When honesty is not the best policy: the ethical dilemma of sharing research findings

Text of a holy chant written in the local language. This language is spoken by both communities in the region - but one claims it's theirs to the exclusion of the other. Photo: Ankita Shrestha

Two hours had just flown by. We were in the backyard of a local shopkeeper’s house that doubled as an electronic repair shop. But business was closed today. The heavy wooden doors and windows had been bolted shut so no one could interrupt the interview.

The conversation was about two communities entrenched in a bitter battle over ethnic hierarchy in the village. Engrossed by the interview, I had deliberately been doing very little talking when my speaker, a local schoolteacher and youth activist, asked me:

“I have told you everything I know. And I am sure you have interviewed them too, right? Now tell me, honestly… do you think we are telling the truth, or do you believe in their story?”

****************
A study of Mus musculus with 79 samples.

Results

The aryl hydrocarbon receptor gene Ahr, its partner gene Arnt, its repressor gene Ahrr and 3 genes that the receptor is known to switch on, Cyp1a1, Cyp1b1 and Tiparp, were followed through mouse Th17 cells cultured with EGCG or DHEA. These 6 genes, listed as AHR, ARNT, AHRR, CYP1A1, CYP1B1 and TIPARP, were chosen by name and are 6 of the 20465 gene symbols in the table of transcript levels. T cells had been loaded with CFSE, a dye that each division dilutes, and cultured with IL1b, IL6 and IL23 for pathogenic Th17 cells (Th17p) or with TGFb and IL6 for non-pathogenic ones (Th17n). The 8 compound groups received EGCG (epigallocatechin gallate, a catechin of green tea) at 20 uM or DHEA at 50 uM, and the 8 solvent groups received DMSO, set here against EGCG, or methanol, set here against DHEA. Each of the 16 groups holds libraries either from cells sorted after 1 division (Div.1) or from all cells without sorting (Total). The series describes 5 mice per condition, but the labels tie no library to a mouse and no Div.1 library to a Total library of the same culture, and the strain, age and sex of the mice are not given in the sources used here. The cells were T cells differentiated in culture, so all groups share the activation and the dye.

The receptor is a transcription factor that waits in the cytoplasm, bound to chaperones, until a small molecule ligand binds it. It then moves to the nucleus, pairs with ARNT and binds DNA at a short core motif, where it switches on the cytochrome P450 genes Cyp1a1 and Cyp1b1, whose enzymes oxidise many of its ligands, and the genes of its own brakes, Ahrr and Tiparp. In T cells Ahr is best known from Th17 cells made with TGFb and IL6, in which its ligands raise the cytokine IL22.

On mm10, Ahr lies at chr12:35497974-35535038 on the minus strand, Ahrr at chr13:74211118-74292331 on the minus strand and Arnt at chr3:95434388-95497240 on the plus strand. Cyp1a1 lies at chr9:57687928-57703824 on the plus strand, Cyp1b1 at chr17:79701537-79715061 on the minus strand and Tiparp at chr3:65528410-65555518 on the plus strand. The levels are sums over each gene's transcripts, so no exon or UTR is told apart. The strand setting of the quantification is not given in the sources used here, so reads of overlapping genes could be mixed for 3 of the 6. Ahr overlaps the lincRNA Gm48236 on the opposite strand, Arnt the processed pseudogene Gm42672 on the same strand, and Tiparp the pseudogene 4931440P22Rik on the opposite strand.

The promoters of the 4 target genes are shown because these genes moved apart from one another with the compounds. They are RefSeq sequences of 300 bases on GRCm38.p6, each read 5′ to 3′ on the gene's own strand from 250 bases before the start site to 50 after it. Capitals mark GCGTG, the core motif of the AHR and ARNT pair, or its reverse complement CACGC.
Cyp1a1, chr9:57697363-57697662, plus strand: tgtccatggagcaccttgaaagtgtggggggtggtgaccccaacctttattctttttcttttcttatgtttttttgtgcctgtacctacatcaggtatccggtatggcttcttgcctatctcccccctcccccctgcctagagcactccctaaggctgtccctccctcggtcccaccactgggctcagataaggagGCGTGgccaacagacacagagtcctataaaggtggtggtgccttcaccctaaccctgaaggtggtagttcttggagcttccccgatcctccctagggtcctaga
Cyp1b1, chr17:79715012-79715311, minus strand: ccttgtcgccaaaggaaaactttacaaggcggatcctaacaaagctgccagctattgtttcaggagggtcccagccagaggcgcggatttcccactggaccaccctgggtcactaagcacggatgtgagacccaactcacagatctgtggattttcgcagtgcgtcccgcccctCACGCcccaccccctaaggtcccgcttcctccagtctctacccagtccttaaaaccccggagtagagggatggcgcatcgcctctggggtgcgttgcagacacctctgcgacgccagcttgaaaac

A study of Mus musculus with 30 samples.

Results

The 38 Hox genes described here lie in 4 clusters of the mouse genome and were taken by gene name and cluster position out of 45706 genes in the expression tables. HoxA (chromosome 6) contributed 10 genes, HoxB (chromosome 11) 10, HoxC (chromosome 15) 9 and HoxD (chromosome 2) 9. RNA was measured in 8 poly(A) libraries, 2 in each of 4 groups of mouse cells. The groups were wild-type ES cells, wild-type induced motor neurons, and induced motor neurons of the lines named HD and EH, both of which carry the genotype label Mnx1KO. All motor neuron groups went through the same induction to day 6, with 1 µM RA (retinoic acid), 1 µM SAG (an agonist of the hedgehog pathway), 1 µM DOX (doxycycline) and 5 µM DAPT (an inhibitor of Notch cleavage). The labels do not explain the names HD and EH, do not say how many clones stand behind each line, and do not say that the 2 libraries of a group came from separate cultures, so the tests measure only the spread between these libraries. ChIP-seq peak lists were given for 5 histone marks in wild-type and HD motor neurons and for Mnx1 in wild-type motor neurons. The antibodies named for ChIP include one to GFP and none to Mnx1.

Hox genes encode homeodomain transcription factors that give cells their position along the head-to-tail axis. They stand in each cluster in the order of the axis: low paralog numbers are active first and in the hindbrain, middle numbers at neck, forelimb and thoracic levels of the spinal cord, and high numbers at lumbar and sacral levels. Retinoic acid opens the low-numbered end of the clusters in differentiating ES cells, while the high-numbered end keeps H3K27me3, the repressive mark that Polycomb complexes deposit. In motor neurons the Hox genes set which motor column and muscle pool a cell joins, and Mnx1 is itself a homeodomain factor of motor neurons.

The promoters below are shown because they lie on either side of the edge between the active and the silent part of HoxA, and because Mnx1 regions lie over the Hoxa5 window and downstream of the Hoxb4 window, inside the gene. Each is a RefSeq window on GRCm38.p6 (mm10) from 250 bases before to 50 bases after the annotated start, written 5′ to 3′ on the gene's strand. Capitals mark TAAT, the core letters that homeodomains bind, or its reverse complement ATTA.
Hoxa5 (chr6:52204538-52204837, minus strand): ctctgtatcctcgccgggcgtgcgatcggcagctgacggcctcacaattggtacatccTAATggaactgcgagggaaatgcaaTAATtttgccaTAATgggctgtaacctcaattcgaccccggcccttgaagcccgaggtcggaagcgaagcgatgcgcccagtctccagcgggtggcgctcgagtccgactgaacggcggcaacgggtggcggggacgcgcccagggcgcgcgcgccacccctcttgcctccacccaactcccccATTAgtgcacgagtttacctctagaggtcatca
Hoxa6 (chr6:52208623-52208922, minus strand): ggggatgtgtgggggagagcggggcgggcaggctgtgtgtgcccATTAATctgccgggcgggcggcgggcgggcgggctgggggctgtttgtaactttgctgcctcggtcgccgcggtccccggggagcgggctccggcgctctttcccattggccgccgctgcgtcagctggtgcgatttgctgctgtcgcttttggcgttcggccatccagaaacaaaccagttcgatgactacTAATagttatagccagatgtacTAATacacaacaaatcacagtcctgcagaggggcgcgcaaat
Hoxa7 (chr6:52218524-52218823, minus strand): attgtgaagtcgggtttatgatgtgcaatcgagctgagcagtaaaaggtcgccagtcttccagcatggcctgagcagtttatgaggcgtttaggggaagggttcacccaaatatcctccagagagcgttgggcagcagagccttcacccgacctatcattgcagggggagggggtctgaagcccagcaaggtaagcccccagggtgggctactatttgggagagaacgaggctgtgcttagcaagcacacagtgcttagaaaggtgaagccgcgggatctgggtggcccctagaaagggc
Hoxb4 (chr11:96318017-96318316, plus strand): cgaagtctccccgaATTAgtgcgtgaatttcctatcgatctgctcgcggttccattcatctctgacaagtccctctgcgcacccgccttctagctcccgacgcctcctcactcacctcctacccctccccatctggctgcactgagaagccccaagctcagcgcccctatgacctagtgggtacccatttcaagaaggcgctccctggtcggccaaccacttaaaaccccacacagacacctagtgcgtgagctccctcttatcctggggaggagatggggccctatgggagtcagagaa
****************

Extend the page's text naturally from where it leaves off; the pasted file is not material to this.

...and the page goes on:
I suddenly realized at that moment that I had lost my grip over the interview. In a quick turn of events, we had switched roles. And I was now being asked to pick a side.

How should a researcher respond to such a question? Should she answer honestly, knowing that she will be showing researcher bias? Or should she refrain, and explain to her research participant why she must remain impartial? 

No matter which way you go, your ethical responsibility as a researcher is challenged. 

You can read the full text at Undisciplined Environment.